We talk a lot about rural broadband gaps and efforts to deliver service in the country, but it’s rare that we discuss some of the issues in more urban areas… long story short… it’s an issue and Rochester is one of may cities trying to do something about it.
Rochester, NY is currently developing a plan to connect homes and businesses to a tiered, subscription based service that would provide free (slow) service to everyone and faster service if you can afford to pay for it. According to a consultant on the project, if even 20% of the users subscribe for faster service, the project could pay for itself in four years.
What makes this even more interesting to me are the how and why… the Rochester school district has been struggling to find a way to bridge the education gap between its poorer students and those with internet access. It has observed that while there are free publicly available access points, like libraries, getting students to libraries presents a challenge for families with working parents. Leveraging a technology grant, the school district intends to partner with a private firm to build and operate the municipal network that will deliver service to all households and businesses in the Rochester area.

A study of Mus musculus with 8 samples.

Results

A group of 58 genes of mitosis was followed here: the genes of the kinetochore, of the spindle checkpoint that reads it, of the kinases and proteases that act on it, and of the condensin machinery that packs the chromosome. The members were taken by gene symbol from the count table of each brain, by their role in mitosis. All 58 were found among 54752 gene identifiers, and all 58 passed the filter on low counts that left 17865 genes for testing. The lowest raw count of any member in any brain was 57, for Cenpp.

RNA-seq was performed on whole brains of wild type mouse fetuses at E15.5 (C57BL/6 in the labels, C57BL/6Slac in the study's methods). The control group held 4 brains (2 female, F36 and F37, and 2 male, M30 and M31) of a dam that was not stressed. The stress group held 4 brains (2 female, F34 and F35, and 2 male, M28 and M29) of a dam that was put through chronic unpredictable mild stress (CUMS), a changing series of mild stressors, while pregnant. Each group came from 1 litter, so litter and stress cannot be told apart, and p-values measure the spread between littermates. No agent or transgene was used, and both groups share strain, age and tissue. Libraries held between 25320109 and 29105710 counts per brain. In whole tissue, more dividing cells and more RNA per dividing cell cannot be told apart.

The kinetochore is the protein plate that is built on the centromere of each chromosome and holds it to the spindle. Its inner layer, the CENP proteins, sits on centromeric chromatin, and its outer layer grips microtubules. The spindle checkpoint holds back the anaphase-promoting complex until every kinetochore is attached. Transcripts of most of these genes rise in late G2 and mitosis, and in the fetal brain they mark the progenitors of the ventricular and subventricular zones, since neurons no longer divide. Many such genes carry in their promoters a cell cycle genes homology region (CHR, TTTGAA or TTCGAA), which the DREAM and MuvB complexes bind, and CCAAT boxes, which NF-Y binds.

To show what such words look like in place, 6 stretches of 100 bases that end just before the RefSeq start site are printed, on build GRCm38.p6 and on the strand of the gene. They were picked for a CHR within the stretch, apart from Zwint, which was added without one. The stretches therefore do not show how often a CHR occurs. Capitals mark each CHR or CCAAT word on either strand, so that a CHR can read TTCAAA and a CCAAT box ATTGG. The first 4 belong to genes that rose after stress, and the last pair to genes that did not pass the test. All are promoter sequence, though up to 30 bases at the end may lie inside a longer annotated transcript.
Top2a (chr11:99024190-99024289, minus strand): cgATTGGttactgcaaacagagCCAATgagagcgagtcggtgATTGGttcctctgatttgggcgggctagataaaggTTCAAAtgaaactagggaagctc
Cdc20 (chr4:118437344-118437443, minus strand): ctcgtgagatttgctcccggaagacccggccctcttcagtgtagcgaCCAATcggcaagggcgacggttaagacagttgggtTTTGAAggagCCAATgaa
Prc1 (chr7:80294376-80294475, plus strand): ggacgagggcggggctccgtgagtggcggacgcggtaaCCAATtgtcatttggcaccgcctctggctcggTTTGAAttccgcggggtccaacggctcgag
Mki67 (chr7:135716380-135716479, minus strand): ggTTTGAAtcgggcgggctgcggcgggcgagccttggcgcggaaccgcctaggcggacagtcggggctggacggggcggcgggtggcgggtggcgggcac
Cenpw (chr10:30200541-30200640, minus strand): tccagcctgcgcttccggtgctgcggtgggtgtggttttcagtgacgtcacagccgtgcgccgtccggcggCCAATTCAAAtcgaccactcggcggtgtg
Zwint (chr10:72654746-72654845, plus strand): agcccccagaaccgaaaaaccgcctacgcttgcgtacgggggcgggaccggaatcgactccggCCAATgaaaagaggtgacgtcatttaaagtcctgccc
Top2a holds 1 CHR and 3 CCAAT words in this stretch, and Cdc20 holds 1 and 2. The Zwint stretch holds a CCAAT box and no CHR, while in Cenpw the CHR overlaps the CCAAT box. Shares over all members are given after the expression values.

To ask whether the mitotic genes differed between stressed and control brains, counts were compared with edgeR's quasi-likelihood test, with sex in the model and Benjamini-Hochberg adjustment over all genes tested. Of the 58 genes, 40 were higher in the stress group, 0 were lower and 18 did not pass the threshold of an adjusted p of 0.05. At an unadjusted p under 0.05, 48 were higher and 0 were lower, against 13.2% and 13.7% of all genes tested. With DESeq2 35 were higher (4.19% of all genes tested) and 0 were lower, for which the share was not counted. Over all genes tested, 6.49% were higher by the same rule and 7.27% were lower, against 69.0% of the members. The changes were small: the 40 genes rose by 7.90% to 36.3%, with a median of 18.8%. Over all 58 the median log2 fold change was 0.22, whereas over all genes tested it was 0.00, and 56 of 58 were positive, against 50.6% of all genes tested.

Unfortunately, there is still a funding gap the city is trying to overcome. The state of New York has grant funds for the purpose of increasing broadband access, however, those funds are reserved for areas where there is no service. Rochester does have several private broadband providers, but for a great many people in the city, that access is not affordable.
It will be interesting to see how they solve this problem. And on the off chance any of our readership has the ability to chip in, I have a feeling the city of Rochester would appreciate a holiday gift.